Health + Safety

Losing Weight for Baby: Mom’s Obesity Linked to Extreme Preemies


Jeneen Bufford, 32, had bounced from one fad diet to another, never dropping as many pounds as she wanted. She lost 80 of her 320 pounds through a boot camp program, but later gained back 35. Now expecting a baby in December, Bufford worries about all the extra pounds.

“With me being very overweight, I definitely want to make sure I have a healthy pregnancy,” Bufford told NBC News. “I really don’t want to cause any harm to my child because of any choices that I’ve made.”

Bufford has a reason to be concerned. A recent study published in JAMA found the risk of extremely premature birth — babies born between 22 and 27 weeks — rose rapidly with increasing maternal weight.

Women with a body-mass index between 30 and 35 were 58 percent more likely than those at a healthy weight to deliver an extremely premature baby, a team of U.S. and Swedish researchers found after examining the medical and delivery records of 1,599, 551 Swedish moms. Pregnant women with a BMI between 35 and 40 were twice as likely as normal-weight moms to have an extremely premature baby, while those with BMIs of 40 or greater were nearly three times as likely to deliver an extremely premature baby.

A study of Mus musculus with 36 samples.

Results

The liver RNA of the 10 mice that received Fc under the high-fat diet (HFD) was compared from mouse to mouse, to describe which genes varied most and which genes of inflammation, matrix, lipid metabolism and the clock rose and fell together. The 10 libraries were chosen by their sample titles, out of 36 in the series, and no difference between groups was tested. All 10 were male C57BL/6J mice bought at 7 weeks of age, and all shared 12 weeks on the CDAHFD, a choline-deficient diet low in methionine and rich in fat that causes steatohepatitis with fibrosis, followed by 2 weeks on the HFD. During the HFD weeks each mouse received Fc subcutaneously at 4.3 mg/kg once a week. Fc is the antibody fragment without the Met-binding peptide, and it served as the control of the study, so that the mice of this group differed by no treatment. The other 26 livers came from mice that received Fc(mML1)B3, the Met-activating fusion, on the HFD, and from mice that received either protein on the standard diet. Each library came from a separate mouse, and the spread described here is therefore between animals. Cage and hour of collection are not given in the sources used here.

“When a baby is born earlier than it should be born, the potential for all the organs not being fully developed is increased,” said Karen Cooper, director of Healthy Expectations, a program at the Cleveland Clinic that helps women lose weight before they become pregnant. The program also helps obese pregnant women such as Bufford make healthier lifestyle choices so they might minimize the risks to their babies.

“When it comes to being obese and being pregnant, the risk factors for things going wrong multiply very quickly,” Cooper told NBC News. “Along with that comes gestational diabetes, hypertension, and preeclampsia, which can eventually lead to eclampsia, which is a condition where seizures occur.”